Don't Drink the Tea. Think With the WE.

In String of Letters to the Editor, Citizens Stand Up for Important Construction Measures on CA’s Ballot

Voters in California are taking to the pages of their local newspapers to tell editors about the non-stop misinformation campaign against ballot measures aimed at jump-starting the economy and protecting workers’ rights.

Most opposition to Measure Q (which supports a $348 bond for Solano Community College) and Measure J (which supports public transportation gains in Los Angeles) comes from Sacramento lobbyists and business interests who are known for union bashing. In the case of Measure Q, which approves a bond for $348 million to Solano Community College, the pages of many Bay Area papers have been flooded with claims of high cost to taxpayers, many alluding to falsities surrounding Project Labor Agreements (PLAs), which do not apply to the measure. Vacaville resident Eric Franchimon explains this in his letter to The Reporter titled “Q brings good jobs”:

The authors who claim to be interested in our community are not. They are interested in attacking and intimidating elected officials.

They are from Roseville and Sacramento and would like to put fear in Solano County residents so that we won’t pass Measure Q.

Their reason? They seem to think that there is a Project Labor Agreement attached to this bond (there isn’t), and this is what they get paid for, to stop PLA’s.

These people have been opposing PLA’s for many years now and still use the same erroneous statements regarding added costs with the use of a PLA.

Who is funding these attacks? Noncompliant, fly-by-night contractors who would like to stop PLA’s so they can take advantage of public works and prevailing wage laws.

He concludes clearly:

Don’t let these outsiders influence our community with fear of PLA’s. Yes on Q = good-paying jobs.

These sentiments are echoed in the pages of the Times-Herald by Suisan City resident Angelo Cellini. In his letter, “Q’s good for Solano County,” he notes that the attack on PLAs is inorganic and follows the methodology of anti-union lobbyists.

Anti-union radicals who wrongly think slashing workers’ wages and benefits are the key to solving our economic woes, dishonestly attack PLAs, but their arguments fall apart in the face of reality.

A PLA is a risk-management tool, negotiated before work on a project begins, which generally includes a process to resolve disputes on a project, and a no-strike clause. It establishes the hours of work, wages, benefits and working conditions for the work force.

PLAs don’t, contrary to what the attackers say, discriminate against anyone. Legally, they can’t.

The radicals bought and paid for their own study to conclude that PLAs increased costs, but reputable economists debunked that study. Reputable studies prove the contrary. Cornell University concluded in 2009 that there is “no evidence to support claims that project labor agreements either limit the pool of bidders or drive up actual construction costs.”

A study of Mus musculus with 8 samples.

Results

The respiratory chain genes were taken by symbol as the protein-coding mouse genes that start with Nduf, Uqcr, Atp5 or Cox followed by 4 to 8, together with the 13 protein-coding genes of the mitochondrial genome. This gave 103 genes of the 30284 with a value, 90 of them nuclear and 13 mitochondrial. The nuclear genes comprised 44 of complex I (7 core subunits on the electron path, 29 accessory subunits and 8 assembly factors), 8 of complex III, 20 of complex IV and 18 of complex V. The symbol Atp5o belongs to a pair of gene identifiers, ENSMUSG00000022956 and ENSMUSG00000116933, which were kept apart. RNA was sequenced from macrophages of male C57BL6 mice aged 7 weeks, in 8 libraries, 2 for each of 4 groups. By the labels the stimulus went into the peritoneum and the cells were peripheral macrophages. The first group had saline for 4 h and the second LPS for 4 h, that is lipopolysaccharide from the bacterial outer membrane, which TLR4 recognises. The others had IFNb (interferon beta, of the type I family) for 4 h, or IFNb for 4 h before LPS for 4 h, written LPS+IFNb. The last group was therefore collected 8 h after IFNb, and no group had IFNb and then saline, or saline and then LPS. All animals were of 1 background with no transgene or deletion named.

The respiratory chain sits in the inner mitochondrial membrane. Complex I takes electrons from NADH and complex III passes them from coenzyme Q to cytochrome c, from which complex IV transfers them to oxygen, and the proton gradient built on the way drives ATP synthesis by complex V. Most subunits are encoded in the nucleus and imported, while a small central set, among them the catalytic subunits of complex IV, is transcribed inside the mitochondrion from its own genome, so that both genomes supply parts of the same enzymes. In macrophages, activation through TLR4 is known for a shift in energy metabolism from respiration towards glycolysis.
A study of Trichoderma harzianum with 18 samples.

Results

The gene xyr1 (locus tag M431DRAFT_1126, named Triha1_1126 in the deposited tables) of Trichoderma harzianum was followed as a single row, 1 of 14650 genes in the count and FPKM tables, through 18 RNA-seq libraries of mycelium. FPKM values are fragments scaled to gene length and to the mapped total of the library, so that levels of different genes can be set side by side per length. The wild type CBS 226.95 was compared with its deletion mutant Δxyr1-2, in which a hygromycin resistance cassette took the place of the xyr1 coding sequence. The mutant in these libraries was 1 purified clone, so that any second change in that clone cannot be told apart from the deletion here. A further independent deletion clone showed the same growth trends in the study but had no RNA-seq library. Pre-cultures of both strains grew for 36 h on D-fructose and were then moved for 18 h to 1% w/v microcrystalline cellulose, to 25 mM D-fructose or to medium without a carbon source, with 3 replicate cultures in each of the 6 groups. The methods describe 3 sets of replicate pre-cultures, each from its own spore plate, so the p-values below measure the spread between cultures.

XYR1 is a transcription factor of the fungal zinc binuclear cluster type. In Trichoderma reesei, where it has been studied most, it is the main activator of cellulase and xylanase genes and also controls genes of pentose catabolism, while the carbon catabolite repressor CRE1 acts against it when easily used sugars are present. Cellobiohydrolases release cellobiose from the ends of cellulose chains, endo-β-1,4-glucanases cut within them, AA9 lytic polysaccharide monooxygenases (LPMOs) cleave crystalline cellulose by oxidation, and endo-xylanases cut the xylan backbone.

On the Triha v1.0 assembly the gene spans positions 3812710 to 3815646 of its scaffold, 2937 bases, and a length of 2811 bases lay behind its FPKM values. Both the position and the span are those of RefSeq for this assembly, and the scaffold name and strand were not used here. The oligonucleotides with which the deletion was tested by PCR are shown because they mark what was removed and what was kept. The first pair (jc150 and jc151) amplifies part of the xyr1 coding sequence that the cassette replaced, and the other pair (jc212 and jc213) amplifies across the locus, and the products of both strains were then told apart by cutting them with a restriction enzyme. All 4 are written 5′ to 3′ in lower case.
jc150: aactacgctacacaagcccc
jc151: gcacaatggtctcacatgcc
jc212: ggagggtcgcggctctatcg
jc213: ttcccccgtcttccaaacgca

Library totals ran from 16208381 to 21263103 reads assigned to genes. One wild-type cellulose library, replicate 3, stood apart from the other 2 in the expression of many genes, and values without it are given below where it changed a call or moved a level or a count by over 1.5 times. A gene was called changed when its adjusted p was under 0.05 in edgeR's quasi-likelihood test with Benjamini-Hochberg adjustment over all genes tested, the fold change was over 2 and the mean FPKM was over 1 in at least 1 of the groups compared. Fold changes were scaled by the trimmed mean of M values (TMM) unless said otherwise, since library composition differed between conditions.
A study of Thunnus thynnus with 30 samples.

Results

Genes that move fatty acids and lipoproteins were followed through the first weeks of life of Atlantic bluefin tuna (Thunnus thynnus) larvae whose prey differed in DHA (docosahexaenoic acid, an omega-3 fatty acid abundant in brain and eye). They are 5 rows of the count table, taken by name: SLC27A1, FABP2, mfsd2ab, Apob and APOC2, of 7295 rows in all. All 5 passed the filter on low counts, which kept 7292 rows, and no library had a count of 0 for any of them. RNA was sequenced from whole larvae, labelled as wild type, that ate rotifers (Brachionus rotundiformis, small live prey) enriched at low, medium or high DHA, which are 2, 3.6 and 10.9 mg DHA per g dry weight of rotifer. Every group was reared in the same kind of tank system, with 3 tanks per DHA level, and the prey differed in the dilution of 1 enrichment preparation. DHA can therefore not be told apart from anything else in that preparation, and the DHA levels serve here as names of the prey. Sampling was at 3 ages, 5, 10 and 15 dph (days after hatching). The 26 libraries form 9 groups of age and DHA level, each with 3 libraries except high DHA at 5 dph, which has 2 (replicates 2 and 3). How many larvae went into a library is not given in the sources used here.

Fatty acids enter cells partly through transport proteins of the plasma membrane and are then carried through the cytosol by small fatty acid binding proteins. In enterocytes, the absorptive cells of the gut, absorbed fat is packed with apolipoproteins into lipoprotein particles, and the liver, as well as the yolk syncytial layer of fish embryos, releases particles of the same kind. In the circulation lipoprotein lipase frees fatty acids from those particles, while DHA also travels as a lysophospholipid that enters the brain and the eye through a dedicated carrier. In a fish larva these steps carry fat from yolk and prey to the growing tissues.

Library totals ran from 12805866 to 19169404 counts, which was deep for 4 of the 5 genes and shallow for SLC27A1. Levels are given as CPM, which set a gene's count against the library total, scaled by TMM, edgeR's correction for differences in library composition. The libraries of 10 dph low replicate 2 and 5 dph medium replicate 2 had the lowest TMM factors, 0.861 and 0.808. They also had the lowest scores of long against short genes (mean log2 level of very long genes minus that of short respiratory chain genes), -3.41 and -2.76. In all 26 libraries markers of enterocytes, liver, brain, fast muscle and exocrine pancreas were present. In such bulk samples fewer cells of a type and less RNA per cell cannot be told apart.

Six hours South, in Los Angeles, voters will decide the fate of Measure J which aims to create jobs by investing in public transportation. Readers got a reality check last week from Occidental professor Peter Dreier who defends the measure and takes note of the unlikely legion of supporters the measure has rallied.

Measure J’s supporters include an unlikely coalition, including the Los Angeles Area Chamber of Commerce and its regional affiliates; the LA County Federation of Labor, Unite HERE and many other labor unions; the Sierra Club, the Natural Resources Defense Council, the American Lung Association, the League of Conservation Voters, Move LA, the LA County Bicycle Coalition, LA Voice, Pacoima Beautiful, the Southern California Association Non-Profit Housing, the Los Angeles Times, Los Angeles Daily News and other major papers, and a Who’s Who of elected officials from the Los Angeles region.

The plan is designed not only to help greater Los Angeles literally dig its way out of its recession but also to help improve the environment by getting more Angelenos out of their cars and into the region’s growing subway, light rail, and bus services.

Dreier notes that the passing of Measure J will have a long term positive effect on the region’s environment and economy.

If voters approve Measure J on Tuesday, the victory will be a testament to the creative thinking of local politicians, community, labor and environmental activists, and business leaders. They understand that with an unemployment rate of 11 percent in Los Angeles County, the local economy needs a jump-start. The paychecks for the construction workers who will be building the transit projects will be spent locally, having dramatic ripple effects on the entire regional economy, catalyzing jobs in many other sectors.

Both of these measures will have positive effects on local economies and workers. Kudos to these citizens for entering the debate when louder voices are trying to slow the long crawl out of recession for California.